Rehab for lawyers

January 20, 2011

Hazelden has created the generically titled “Legal Professionals Program” for lawyers, judges, legal assistants, and legal professionals with addictions. These addictions may be considered an “occupational hazard,” according to its website.

The program involves 12-step-based and gender-specific treatment, intensive group therapy, individual counseling, and pyschoeducational services. It also will include weekly meetings among other legal professionals led by an attorney/clinician, which will provide patients with insight from peers in similar situations; and ongoing one-on-one sessions with an attorney/clinician where participants will have the opportunity to address issues related to career restoration, professional practice, reputation, licensing or disciplinary matters and continuing care.

The center claims treatment will prepare attorneys to handle the future, know what do to do take care of themselves, where to find support, and how to be aware of what could trigger relapses.

You can learn more on Hazelden’s website.

What are your thoughts on a treatment program specifically tailored for lawyers? Would it be any more helpful than a traditional rehab program?


  2. Well, maybe it's because they are unelected, and, they have a tendency to strike down laws by elected officials from all over the country. When you have been taught that "Democracy" is something almost sacred, then, you will have a tendency to frown on such imperious conduct. Lawyers get acculturated in law school into thinking that this is the very essence of high minded government, but to people who are more heavily than King George ever did, they may not like it. Thanks for the information.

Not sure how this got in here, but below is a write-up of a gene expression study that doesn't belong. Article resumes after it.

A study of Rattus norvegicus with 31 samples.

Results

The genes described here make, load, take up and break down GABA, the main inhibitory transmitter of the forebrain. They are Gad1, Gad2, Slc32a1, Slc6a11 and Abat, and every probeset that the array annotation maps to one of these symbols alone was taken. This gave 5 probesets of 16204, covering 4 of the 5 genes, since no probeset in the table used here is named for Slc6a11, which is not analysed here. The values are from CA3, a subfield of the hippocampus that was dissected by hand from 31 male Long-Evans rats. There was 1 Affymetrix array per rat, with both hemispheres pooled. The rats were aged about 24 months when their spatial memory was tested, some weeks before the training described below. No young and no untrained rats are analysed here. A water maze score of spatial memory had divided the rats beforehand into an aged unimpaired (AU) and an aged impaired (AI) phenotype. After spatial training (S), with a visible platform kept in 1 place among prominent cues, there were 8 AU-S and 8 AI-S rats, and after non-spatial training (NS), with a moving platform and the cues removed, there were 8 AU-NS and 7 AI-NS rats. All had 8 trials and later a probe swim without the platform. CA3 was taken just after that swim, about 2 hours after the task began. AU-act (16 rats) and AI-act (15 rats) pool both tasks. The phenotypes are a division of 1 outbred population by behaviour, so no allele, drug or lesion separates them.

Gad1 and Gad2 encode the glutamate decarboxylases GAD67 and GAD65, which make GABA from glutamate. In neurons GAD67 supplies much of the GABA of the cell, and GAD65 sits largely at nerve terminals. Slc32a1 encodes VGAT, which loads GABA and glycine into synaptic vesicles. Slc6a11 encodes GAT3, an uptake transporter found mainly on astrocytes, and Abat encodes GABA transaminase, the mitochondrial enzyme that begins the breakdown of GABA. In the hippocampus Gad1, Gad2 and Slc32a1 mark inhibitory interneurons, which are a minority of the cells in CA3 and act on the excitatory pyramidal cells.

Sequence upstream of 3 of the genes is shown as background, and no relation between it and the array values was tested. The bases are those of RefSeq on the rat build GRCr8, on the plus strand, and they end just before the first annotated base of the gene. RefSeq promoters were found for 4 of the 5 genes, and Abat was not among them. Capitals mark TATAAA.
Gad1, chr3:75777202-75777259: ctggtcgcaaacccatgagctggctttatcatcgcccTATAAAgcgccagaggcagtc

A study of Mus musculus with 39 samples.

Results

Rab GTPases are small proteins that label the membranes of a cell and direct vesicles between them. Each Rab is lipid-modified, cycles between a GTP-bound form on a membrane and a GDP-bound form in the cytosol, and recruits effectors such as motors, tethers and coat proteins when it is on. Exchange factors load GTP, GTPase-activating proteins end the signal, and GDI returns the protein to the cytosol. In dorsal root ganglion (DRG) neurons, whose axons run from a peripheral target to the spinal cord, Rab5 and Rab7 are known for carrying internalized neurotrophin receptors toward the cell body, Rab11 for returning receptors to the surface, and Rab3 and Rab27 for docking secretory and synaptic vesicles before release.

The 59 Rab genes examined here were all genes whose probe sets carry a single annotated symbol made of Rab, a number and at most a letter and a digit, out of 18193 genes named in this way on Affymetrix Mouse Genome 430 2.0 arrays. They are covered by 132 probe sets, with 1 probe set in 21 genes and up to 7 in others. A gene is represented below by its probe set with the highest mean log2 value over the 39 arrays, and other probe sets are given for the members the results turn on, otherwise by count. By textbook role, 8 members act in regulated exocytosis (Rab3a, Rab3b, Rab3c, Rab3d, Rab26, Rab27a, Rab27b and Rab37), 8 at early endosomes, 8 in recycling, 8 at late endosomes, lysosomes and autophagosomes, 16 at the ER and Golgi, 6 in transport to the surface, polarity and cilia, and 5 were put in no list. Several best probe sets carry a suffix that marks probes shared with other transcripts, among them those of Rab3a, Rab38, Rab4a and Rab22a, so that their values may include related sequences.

3. I pd for a bankruptcy years ago with Mr Stiles and just this week received a garnishment from my pay! He never filed it even though he told me he would! Don't let this guy practice law ever again!!!

  4. Excellent initiative on the part of the AG. Thankfully someone takes action against predators taking advantage of people who have already been through the wringer. Well done!

  5. Conour will never turn these funds over to his defrauded clients. He tearfully told the court, and his daughters dutifully pledged in interviews, that his first priority is to repay every dime of the money he stole from his clients. Judge Young bought it, much to the chagrin of Conour’s victims. Why would Conour need the $2,262 anyway? Taxpayers are now supporting him, paying for his housing, utilities, food, healthcare, and clothing. If Conour puts the money anywhere but in the restitution fund, he’s proved, once again, what a con artist he continues to be and that he has never had any intention of repaying his clients. Judge Young will be proven wrong... again; Conour has no remorse and the Judge is one of the many conned.